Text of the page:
Over the weekend Washington Post writer Matt Schudel wrote a piece entitled “Kennedy Center’s Jazz Season Could Use More Variety and Experimentation.” This made me think that Schudel would be criticizing the Center for a back to basics approach rather than pushing the art form forward. Instead I was treated to a history lesson in addition to a rundown of the season’s events.

Schudel began with an introduction of Billy Taylor who was a major player in the large-scale jazz festivals and and concerts that occurred at the Center for the past forty years. He passed away in December of 2010, and so the Kennedy Center is planning a festival and concert in his honor which will be titled “Swing, Swing, Swing.” Jon Hendricks and Manhattan Transfer will be there and the plan is to open up a huge dance floor for participants complete with instructors on the sidelines for beginners.

Other parts of the larger 2011-2012 jazz season at the center include vocals, woodwinds, and strings and the full schedule can be viewed HERE. Get your tickets early!

Schudel criticized two aspects of the season. First, he stated that the Mary Lou Williams Women in Jazz Festival was too typical in that it will be featuring all too familiar faces. He calls for an expansion to the artist lineup to include new, up-and-coming artists such as vocalist Wesla Whitfield or trumpeter Ingrid Jensen. Secondly he called for the integration of a Latin Jazz festival that will pay homage to the influence of the Caribbean on American jazz.

As can be seen in the slow death of the orchestra in this country, jazz seem to be slowly moving towards worship of “the greats” in lieu of opening up roads for the development of new greats. This is, of course, a blanket statement and I do not mean to say that there are not many excellent programs across the country dedicated to teaching students and bringing them up within the tradition. But the key is just that: tradition. These bright new artists, what are they playing? Miles Davis? Charlie Parker? Louis Armstrong? What are they singing? Fitzgerald? Holiday?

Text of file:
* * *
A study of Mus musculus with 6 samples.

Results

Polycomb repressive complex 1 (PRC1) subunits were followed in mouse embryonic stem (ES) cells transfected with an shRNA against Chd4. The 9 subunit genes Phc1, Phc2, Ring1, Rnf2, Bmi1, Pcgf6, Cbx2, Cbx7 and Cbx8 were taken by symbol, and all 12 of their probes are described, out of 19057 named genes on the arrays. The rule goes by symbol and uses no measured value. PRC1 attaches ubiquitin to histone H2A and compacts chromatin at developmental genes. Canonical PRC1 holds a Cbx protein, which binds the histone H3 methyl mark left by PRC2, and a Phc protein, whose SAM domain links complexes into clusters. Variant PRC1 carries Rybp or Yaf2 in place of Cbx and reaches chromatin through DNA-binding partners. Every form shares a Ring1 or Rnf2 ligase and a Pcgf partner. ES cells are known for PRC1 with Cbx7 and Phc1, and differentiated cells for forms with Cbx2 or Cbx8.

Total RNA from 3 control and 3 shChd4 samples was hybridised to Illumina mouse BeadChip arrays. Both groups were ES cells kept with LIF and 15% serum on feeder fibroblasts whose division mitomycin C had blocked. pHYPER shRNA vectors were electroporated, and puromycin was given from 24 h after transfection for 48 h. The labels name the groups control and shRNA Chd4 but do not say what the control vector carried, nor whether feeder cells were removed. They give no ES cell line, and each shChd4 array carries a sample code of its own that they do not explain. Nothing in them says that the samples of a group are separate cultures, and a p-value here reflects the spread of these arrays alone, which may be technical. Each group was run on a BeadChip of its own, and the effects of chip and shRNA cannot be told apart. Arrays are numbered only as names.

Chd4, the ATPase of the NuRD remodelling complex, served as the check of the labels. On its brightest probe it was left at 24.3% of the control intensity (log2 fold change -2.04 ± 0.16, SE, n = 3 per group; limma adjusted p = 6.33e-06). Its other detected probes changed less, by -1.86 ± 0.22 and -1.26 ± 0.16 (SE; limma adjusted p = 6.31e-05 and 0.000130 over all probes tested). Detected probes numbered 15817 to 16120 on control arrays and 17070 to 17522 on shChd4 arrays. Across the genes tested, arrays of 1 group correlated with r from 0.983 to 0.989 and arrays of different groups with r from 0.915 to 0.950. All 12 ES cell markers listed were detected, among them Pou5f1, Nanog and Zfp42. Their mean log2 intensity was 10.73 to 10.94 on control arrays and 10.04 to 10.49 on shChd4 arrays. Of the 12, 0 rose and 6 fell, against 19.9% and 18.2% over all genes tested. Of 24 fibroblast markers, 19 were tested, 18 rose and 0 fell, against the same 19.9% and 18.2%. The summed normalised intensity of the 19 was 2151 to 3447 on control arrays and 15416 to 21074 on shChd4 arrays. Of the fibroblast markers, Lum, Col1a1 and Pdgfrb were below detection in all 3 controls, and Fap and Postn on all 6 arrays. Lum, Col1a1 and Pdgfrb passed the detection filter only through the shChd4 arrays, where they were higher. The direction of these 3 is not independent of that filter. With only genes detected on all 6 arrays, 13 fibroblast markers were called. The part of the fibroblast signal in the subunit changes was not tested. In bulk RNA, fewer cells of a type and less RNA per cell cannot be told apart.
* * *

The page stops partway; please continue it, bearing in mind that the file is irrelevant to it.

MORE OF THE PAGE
Looking at the 2011-2012 season I see tributes to Thelonious Monk, Charlie Parker, Django Reinhardt, Duke Ellington, and with the artists who don’t describe the music they will be playing I can only imagine that “classics” form a strong foundation in their repertoire. The question I have posed of music teachers and that I will pose here is: What happens when a reliance on the classics drowns out the development of the new? Does anyone know what musical period we are currently in? What kind of jazz is played most often in clubs or in concert?

“Classical” music (used here to describe any music of the Western Classical Tradition i.e. romantic, baroque, classical, etc.) faces this problem today. Many symphonies face budget crises as patrons basically grow old and die, while the larger symphonies (New York Philharmonic, Chicago Symphony, any military ensemble) have either very rich patrons or other organizations to fund their endeavors.

Jazz is such a malleable musical art form, more so than its stuffy classical cousin, and is better suited for change over time. It would be a shame to become stuck between 1900 and 1970 with no room to go forward but to continue to recycle again and again the same routines. While there isn’t anything new under the sun, jazz holds the key to making us forget that this is true. I hope that the field continues to use more variety and experimentation, as Schudel suggests, so that one of the few truly American art forms does not become inconsequential.